Whale Watching Iceland;
Whale watching Iceland on a luxury yacht from Reykjavik harbour.
Success! We found playful porpoises, and a harbour seal as well as so many sea gulls, guillemots, fulmars, eiders and cormorants and the mountains around us were snow-capped and stunning. But we didn‘t find whales or dolphins so everyone got free return tickets for three years.
We set out from Reykjavik harbour on our yacht, the Amelia Rose, the day was overcast and there were spots of rain, but whales are already pretty wet so we continued out in search of them! Inside the islands the water was relatively calm and as we headed out past them the yacht easily cut through the swell. Despite the rain the visibility was pretty good, and the views didn’t disappoint us, and we enjoyed the journey out into Faxaflói bay to look for whales and dolphins.
We saw several different species of seabirds wheeling and darting across the ocean, this is always a good sign as we often use the seabirds, especially gannets and terns, to find whales and dolphins or any other cetaceans in the beautiful waters here. They look from much higher up than us so can see a long way if there is a fish in an area, people have been using this technique of bird watching to find cetaceans for unknown generations throughout history.
Not long after departing some lovely harbour porpoises found us, a species similar to small dolphins and in the same family as whales. As we sat with the engines off they played near us for a little while, riding the swell and diving under one side of the yacht to appear at the other.
Finding porpoises is always a good sign as it means there is food in the area, and the whales and dolphins are often hunting the same fish, or other fish in the food chain there. Because of that we hung around in the area for a little while hoping we’d find any signs a whale might be in the area, for instance like the footprints the pressure of their tail leaves on the water service. However, we found nothing else there and carried on out across the feeding grounds, everyone on the look out at all times for the tell-tale signs of a large cetacean being seen in the area.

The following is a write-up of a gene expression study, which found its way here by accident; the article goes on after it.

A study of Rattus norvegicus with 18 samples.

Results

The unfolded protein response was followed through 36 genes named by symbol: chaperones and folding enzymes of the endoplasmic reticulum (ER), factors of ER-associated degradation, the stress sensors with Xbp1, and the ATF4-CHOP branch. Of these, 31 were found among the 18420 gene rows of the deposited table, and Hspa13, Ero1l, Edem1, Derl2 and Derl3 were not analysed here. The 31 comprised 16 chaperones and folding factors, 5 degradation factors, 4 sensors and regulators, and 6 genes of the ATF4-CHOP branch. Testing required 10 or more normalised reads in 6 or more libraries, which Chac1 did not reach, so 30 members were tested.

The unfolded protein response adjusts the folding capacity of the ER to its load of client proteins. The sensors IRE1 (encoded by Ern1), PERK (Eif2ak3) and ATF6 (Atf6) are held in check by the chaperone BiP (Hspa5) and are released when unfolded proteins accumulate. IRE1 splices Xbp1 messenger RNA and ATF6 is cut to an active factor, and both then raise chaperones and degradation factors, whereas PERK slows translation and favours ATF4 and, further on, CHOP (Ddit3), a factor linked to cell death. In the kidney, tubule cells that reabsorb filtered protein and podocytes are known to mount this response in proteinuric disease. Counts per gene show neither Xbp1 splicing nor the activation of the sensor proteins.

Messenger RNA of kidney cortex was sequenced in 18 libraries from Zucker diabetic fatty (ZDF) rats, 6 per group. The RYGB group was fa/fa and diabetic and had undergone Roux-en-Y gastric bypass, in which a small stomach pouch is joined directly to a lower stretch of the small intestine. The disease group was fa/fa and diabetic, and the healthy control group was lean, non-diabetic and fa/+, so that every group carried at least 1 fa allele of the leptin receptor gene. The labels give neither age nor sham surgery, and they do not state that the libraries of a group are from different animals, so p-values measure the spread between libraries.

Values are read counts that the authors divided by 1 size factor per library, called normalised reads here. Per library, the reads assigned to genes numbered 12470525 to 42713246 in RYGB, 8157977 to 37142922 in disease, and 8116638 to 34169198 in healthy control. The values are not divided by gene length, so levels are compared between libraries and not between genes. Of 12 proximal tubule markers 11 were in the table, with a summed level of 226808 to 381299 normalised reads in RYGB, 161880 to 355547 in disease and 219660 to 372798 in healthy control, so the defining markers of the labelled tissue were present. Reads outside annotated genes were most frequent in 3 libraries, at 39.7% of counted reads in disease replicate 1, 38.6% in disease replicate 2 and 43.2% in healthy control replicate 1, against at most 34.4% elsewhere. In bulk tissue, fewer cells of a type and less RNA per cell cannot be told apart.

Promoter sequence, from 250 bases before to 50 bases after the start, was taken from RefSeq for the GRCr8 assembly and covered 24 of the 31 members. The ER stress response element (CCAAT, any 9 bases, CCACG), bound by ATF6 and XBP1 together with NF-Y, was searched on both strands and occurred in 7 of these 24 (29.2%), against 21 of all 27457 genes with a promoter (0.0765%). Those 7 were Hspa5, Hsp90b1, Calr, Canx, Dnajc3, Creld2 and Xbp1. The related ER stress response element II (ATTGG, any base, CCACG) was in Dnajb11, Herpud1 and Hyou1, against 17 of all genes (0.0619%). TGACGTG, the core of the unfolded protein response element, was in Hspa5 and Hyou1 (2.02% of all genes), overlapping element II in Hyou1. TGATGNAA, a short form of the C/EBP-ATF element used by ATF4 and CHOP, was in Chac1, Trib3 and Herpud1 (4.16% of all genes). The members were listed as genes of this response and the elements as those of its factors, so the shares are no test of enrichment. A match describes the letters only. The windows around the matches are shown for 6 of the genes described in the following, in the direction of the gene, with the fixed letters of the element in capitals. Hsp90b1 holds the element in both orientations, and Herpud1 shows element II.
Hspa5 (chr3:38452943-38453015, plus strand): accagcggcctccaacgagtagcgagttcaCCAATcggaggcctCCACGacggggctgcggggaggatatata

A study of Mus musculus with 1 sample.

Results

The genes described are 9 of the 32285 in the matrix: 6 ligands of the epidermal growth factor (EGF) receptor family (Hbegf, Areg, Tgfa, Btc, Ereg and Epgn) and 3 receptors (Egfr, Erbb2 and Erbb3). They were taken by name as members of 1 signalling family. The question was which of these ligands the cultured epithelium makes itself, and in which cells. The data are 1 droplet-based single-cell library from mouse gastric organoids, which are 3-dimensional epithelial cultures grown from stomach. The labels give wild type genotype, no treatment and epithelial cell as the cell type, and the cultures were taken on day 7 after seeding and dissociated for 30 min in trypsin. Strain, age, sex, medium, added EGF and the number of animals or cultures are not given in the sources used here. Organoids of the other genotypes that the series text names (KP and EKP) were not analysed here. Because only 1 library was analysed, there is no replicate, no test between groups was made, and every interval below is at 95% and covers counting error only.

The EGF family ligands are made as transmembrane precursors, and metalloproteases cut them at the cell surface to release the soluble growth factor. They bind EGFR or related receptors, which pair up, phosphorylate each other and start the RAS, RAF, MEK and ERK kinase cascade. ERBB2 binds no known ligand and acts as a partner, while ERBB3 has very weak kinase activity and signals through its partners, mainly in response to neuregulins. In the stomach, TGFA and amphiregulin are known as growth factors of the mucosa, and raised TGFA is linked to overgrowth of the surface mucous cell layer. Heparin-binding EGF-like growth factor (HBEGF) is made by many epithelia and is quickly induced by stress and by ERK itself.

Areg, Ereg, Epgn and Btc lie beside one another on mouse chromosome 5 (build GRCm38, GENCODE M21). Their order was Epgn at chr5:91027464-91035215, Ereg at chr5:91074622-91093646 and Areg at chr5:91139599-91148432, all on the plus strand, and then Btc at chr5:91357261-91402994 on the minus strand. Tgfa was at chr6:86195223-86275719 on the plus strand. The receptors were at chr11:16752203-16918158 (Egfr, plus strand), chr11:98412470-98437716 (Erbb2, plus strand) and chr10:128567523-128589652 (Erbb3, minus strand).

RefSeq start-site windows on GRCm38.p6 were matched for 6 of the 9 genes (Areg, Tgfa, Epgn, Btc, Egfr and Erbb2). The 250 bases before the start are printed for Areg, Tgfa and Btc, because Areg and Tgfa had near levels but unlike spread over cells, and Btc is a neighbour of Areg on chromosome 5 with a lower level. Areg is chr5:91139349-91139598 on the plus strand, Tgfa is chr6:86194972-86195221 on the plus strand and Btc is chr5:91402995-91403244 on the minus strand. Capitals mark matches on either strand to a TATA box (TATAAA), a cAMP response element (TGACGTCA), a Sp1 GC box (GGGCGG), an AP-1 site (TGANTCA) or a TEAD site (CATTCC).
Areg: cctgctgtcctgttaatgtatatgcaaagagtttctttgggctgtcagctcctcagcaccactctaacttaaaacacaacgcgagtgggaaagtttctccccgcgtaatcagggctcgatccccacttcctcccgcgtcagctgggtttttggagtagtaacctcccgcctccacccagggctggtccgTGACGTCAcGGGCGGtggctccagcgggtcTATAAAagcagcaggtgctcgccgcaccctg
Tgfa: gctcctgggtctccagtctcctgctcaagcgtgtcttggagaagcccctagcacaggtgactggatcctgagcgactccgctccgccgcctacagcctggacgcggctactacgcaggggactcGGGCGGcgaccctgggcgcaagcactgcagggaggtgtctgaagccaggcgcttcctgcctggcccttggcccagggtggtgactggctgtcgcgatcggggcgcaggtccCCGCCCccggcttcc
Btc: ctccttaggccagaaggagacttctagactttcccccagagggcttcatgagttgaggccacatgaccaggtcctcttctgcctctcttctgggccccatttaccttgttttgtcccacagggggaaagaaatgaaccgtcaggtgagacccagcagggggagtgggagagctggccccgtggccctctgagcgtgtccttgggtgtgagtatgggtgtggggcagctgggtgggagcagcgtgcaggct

The most common whales we see there are the beautiful minke whales and humpback whales as well as white beaked dolphins. However we never really know what we will come across on our adventure, in the past twelve months we have found pilot whales, basking sharks, killer whales (orca) and even a couple of very friendly blue whales!
Sadly, despite our, and our customer, and the sea bird’s best efforts we didn’t find any whales and headed back in towards Reykjavik Harbour.
However we really want to show our lovely customers the amazing wildlife in Iceland, so we gave them all free returns for three years! Seeing whales and dolphins in the stunning bay outside Reykjavik is often at the top of people’s bucket lists. It really is an Iceland must-do, and especially a Reykjavik must-do!
People also come here to see the bewitching northern lights, and we take people out to see them, again on our lovely super yacht Amelia Rose. If you book a whale watching tour with us you can get a Northern lights trip for 50% off!
Sea Trips Reykjavik sail everyday out from Reykjavík Harbour, Iceland. Our yacht, Amelia Rose was built as a super yacht in 2003 and as such is ever so comfortable and stable. However the seas often change here, and people are affected differently by the movement of the oceans. As such we have seasickness tablets available for free at the bar. We also have warm blankets and ponchos around the yacht for your comfort, though the inside of the ship is very warm and snug.
What are differences between baleen and toothed whales?
We see both toothed and baleen whales here in Reykjavik harbour, Iceland. Did you know that dolphins and porpoises are also part of the same family? www.uk.whales.org is a brilliant website that goes into a lot more detail however this is the basic description!
They write that;
“Baleen whales have baleen plates, or sheets, which sieve prey from seawater. Toothed whales have teeth and they actively hunt fish, squid and other sea creatures. Dolphins and porpoises all have teeth and rather confusingly are known as ‘toothed whales’ too!
Another obvious difference between baleen and toothed whales is the number of blowholes on top of their head; baleen whales have two whereas toothed whales have one. There are only 14 baleen whale species and they are generally larger than the 76 species of toothed whales – except for the mighty sperm whale, the largest toothed whale.”
If you are interested in learning more we recommend these websites, https://www.nationalgeographic.com/animals/mammals/group/whale-facts/ and https://www.worldwildlife.org/species/whale They have a lot of extra learning materials about cetaceans all over the world.